The UK ‘may have to do further lockdowns this winter’, a top expert has warned.

Dr Susan Hopkins from Public Health England said she hopes the current wave ‘will not look the same as previous waves’, as the NHS continues to plough ahead with the coronavirus vaccination programme.

More lockdowns are possible in winter, but this depends on hospital admissions and there will also be alternatives, she said.

Boris Johnson has admitted there is ‘no route to a Covid-free society’, but says he hopes the planned easing of all restrictions on July 19 will be ‘irreversible’.

The PM has delayed England’s June 21 ‘Freedom Day’ in the hope that an extra four weeks will allow everyone over 40 to get double-jabbed to protect from the Delta variant, first found in India.

When questioned on the prospect of future restrictions, Dr Hopkins said ‘we need to move to a situation that we live with this’.

Speaking on the BBC’s The Andrew Marr Show, she said: ‘I think that means we wouldn’t normally put people into lockdown for severe cases of influenza.

‘We may have to do further lockdowns this winter, I can’t predict the future. 

‘It really depends on whether hospitals start to become overwhelmed at some point.

‘But I think we will have alternative ways to manage this – through vaccination, through anti-virals, through drugs, through testing – that we didn’t have last winter.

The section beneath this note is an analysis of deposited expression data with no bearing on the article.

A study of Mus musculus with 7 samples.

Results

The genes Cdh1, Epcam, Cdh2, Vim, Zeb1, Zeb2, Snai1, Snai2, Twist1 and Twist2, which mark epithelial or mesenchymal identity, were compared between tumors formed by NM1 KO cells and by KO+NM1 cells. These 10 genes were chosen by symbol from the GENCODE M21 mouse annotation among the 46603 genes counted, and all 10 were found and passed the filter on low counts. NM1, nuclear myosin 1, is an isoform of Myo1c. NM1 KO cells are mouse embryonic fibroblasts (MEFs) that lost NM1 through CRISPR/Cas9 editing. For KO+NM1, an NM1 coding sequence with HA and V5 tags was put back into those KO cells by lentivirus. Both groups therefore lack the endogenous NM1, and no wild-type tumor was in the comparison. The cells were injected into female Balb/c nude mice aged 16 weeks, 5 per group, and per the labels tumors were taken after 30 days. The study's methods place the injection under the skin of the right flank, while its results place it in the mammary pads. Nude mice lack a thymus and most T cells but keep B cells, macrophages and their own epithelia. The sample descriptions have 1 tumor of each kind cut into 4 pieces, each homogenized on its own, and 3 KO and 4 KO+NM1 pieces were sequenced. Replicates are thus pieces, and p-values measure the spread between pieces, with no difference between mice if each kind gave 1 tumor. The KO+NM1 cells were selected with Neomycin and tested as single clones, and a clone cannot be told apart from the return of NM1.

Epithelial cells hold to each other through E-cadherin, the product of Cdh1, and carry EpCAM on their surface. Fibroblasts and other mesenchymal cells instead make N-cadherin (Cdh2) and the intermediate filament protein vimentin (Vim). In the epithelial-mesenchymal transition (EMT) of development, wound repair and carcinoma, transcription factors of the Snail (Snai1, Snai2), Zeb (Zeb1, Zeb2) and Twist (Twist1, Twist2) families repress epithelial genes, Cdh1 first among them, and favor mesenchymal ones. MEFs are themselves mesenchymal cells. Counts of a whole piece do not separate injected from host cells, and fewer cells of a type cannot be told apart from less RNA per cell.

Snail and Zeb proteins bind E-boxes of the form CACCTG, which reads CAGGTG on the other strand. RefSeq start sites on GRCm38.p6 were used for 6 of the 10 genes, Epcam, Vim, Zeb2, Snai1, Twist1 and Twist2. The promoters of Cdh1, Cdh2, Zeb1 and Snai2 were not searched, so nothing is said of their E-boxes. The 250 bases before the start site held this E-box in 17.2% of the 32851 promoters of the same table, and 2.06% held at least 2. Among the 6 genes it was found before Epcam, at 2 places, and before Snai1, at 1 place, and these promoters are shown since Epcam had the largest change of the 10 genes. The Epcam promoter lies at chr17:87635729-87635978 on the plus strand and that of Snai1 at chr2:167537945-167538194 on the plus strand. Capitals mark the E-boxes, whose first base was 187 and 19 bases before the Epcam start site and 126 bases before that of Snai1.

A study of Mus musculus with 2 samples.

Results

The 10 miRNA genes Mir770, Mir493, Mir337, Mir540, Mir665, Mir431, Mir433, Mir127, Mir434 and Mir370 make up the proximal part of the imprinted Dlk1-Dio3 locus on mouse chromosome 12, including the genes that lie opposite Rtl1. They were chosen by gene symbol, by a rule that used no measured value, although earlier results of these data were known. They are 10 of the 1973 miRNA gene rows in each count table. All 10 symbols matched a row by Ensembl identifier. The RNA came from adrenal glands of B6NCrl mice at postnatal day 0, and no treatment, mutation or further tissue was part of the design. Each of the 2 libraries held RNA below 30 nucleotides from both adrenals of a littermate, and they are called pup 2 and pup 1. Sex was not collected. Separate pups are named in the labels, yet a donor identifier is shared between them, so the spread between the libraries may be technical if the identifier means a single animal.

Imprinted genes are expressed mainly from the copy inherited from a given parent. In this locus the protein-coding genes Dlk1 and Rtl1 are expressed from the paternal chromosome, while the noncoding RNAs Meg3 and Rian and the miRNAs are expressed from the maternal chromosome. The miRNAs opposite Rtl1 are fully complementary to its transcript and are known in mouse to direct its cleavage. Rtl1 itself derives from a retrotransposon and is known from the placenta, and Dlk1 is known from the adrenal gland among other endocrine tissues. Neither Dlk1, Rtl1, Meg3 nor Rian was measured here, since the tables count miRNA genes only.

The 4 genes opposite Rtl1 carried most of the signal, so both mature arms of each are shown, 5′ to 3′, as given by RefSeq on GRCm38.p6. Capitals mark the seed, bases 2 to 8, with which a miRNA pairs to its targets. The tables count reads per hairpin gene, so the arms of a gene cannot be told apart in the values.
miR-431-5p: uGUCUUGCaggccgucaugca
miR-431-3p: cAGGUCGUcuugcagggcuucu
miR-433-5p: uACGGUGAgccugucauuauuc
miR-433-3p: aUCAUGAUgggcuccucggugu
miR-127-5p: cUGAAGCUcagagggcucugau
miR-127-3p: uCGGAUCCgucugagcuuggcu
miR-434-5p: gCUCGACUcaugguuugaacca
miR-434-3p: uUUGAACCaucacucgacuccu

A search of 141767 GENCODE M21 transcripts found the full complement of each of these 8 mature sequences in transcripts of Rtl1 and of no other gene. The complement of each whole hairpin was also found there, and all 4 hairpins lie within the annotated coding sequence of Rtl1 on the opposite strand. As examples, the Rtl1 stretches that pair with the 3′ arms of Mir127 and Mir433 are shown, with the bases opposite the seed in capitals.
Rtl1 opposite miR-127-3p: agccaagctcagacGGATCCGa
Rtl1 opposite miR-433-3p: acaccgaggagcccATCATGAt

‘All of those things allow us different approaches – rather than restrictions on lives and restrictions on livelihoods – that will move us forward into the next phase of learning to live with this as an endemic, which is something that happens with respiratory viruses.’

Susan Hopkins on the possibility of winter lockdowns

Dr Hopkins added that the country is currently ‘seeing the impact of vaccination’.

She said: ‘We are definitely seeing some signals in some areas of cases slowing down, Bolton for example has definitely reversed, Blackburn and Darwen has stabilised.

‘But there are other parts of the country, particularly in some parts of the north-east, some parts of London that are still rising quite fast.

‘So I think this is not all doing the same thing all over the country, and we’re seeing rises and falls as people go out and get tested and I think we are seeing the impact of vaccination and that is good news.

‘The extra time to vaccinate more people, get two doses of vaccination in as many people as possible will hopefully mean that what we’re seeing with this wave won’t look the same as the previous waves that we’ve seen in this country.’